Legacy applications can be a problem for companies. We still need a way of moving them to the cloud, or
just making the deployment a little more predictable. This blog focuses on how to do this.


Katrina McIvor | 10 November 2015

Legacy applications can be a problem for companies. Writing new software is all wonderful and easy, you can add whatever libraries you want, use containers to deploy your application easily. But what of the legacy systems. We still need a way to move them into the cloud, or just make deployment a little more predictable. How to use Docker containers for legacy systems was a question that has cropped up a few times as we run the Introduction to Docker and also at other events, such as DevSecCon. They allow for a program to be wrapped up with all its dependencies and then deployed easily in any environment. So what happens when we try and 'dockerise' a COBOL program?

It turned out that it's not actually as bad as it seems. After all, anything that can be expressed as a series of commands can be turned into a Docker container.

Having never written a line of COBOL in my life I went in search of everyone's favourite first program, hello world.

IDENTIFICATION DIVISION

PROGRAM-ID. HELLO-WORLD.

*> hello world program

PROCEDURE DIVISION

    DISPLAY 'Hello world from cobol!".

    STOP RUN

 

In a new directory, save this file as helloworld.cbl.

COBOL traditionally runs on *nix systems. There's a package in the Ubuntu repositories called open-cobol which will allow us to build and run our program.

So, the Dockerfile for our container looks like this:

from ubuntu:14.04

maintainer Kat McIvor <katrina.mcivor@qa.com>

 

#update and get pre-requisites

run apt-get update

run apt-get install -y open-cobol

run apt-get install -y gcc

 

#copy in the source file

copy helloworld.cbl /helloworld.cbl

 

#compile the code

run cobc -x -free -o helloworld helloworld.cbl

 

#run the compiled program

cmd ["/helloworld"]

 

Make sure you save this in the same directory as your helloworld.cbl file

So far. So good. Now we want to build the container and run it.

sudo docker build -t cobol-helloworld .

sudo docker run cobol-helloworld

 

You should, if everything has gone to plan see the message output on the screen:

~/hello-cobol# docker run cobol-helloworld

Hello world from cobol!

 

Networking with something like COBOL? Well a port is a port. Just map your ports from the host system into your container and have whatever needs to talk to your COBOL program connect using them.

The code snippits for this can can be found in git: https://bitbucket.org/kizzie/cobol-docker

That's all well and good you might say, but what if I can't run this using linux? I need to have windows, or FreeBSD, or [insert random operating system here]? Well for windows users - native containers are coming soon. For other linux based operating systems, then we need to start with creating our own base image from scratch. This can also be done for security reasons (if you don't want to trust the official repositories).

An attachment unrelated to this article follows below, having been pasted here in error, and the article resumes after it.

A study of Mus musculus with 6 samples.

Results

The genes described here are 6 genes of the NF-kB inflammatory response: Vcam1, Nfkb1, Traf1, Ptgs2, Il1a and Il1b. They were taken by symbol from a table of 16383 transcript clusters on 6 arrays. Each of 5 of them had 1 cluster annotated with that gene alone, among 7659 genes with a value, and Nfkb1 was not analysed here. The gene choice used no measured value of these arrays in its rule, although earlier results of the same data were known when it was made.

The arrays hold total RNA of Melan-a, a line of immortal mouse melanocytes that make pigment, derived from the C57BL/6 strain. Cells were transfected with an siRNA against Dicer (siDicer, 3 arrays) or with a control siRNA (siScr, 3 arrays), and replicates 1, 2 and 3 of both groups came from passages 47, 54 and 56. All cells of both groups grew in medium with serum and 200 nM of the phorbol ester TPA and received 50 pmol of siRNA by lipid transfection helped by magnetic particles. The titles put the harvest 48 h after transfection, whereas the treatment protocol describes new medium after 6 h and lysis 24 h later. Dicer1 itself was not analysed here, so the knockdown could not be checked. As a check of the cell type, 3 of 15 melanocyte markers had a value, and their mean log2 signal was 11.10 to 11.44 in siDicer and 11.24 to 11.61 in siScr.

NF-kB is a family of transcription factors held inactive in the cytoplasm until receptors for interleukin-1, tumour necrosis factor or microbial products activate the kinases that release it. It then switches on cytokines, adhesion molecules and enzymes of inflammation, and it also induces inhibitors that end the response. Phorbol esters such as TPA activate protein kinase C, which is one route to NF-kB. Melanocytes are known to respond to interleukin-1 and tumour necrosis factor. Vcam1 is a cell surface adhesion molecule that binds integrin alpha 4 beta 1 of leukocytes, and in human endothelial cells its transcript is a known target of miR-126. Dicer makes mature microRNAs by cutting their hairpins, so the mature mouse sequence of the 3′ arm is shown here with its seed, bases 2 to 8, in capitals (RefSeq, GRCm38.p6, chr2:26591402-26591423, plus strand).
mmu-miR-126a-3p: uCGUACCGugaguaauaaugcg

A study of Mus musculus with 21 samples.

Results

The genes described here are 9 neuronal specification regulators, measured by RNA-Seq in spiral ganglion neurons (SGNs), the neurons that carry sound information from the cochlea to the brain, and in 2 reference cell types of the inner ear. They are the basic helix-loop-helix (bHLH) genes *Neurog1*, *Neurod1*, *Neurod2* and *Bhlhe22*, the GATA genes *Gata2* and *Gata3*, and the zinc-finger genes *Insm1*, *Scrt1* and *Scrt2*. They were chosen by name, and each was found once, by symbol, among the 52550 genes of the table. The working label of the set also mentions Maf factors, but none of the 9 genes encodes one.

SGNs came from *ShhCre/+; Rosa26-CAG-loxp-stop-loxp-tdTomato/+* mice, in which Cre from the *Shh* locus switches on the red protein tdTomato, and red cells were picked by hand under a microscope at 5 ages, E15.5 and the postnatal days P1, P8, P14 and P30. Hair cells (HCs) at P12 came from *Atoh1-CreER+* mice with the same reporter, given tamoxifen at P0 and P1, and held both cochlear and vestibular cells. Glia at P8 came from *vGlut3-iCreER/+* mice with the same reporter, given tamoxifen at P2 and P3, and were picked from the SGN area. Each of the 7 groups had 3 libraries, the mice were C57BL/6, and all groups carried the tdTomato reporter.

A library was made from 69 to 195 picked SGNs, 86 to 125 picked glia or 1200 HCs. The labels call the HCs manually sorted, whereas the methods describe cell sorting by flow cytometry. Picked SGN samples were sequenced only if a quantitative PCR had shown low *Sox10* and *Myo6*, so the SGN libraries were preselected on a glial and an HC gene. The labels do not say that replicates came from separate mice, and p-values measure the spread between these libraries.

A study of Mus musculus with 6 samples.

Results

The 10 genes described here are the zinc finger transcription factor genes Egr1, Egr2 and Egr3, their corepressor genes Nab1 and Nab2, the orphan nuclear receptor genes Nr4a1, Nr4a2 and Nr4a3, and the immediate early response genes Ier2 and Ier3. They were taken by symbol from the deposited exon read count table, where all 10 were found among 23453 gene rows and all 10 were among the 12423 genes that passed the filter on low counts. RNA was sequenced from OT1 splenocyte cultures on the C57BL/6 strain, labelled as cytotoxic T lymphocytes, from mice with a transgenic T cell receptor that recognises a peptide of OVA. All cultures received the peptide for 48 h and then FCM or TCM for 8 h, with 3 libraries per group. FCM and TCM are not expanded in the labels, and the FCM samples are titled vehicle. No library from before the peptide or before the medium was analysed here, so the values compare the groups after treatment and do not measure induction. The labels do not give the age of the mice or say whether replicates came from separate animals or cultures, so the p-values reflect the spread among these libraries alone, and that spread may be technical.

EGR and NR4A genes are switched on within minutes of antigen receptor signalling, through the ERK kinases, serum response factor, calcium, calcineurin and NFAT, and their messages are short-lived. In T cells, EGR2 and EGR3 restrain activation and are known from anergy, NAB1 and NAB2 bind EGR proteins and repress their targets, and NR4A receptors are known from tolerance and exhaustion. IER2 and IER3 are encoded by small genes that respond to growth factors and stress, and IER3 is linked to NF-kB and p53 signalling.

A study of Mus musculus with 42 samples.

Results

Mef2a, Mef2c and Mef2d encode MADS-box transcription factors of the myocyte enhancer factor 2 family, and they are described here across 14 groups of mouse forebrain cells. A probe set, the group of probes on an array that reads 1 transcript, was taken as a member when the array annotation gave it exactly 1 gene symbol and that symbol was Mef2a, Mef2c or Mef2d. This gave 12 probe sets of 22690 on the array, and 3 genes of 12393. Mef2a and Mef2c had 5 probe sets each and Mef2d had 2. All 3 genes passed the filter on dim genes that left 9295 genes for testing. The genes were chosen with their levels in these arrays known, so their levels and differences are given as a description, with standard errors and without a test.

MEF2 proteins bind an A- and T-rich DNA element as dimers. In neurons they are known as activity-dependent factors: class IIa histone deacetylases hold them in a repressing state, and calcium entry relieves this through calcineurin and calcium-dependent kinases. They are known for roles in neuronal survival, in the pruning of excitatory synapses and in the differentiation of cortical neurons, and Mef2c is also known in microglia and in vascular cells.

Creating a base image uses the scratch base. This tells Docker that the next line used to build the container will be the operating system files.

So, for example, "katbuntu" is defined as:

from scratch

copy . /

 

This is run in a directory where I have all the OS files required for Ubuntu. If I want to change any part of the operating system, I change the files stored in my current directory.

katbuntu.png

"debootstrap" is a program in debian based systems that provides an easy way to make a copy of a file system. For something like FreeBSD you may need to create an OS from scratch in a virtual machine and then copy all the relevant files and directories directly into your Docker container. Other people have created containers from Solaris and FreeBSD available on the Dockerhub, so have a look at what they have produced!

Now back to figuring out how to save the world...

Docker training from QA

QA offer a one-day Introduction to Docker course as part of our DevOps curriculum.


Katrina McIvor

Katrina McIvor

Principal Technologist | DevOps

Katrina joined QA in the summer of 2014. Before working for QA she was involved in teaching and research, firstly at The University of Birmingham, where she completed her PhD in Computer Science (specialising in agents and AI), and then at Aston University, where she was a lecturer and ran the programming support office. She has around six years' experience teaching individuals, small groups and large lecture audiences. Katrina is a published researcher both nationally and internationally specialising in AI, agents and robotics. Katrina is passionate about all things technical and specialises in teaching Java, Scala, Web Technologies and DevOps within QA.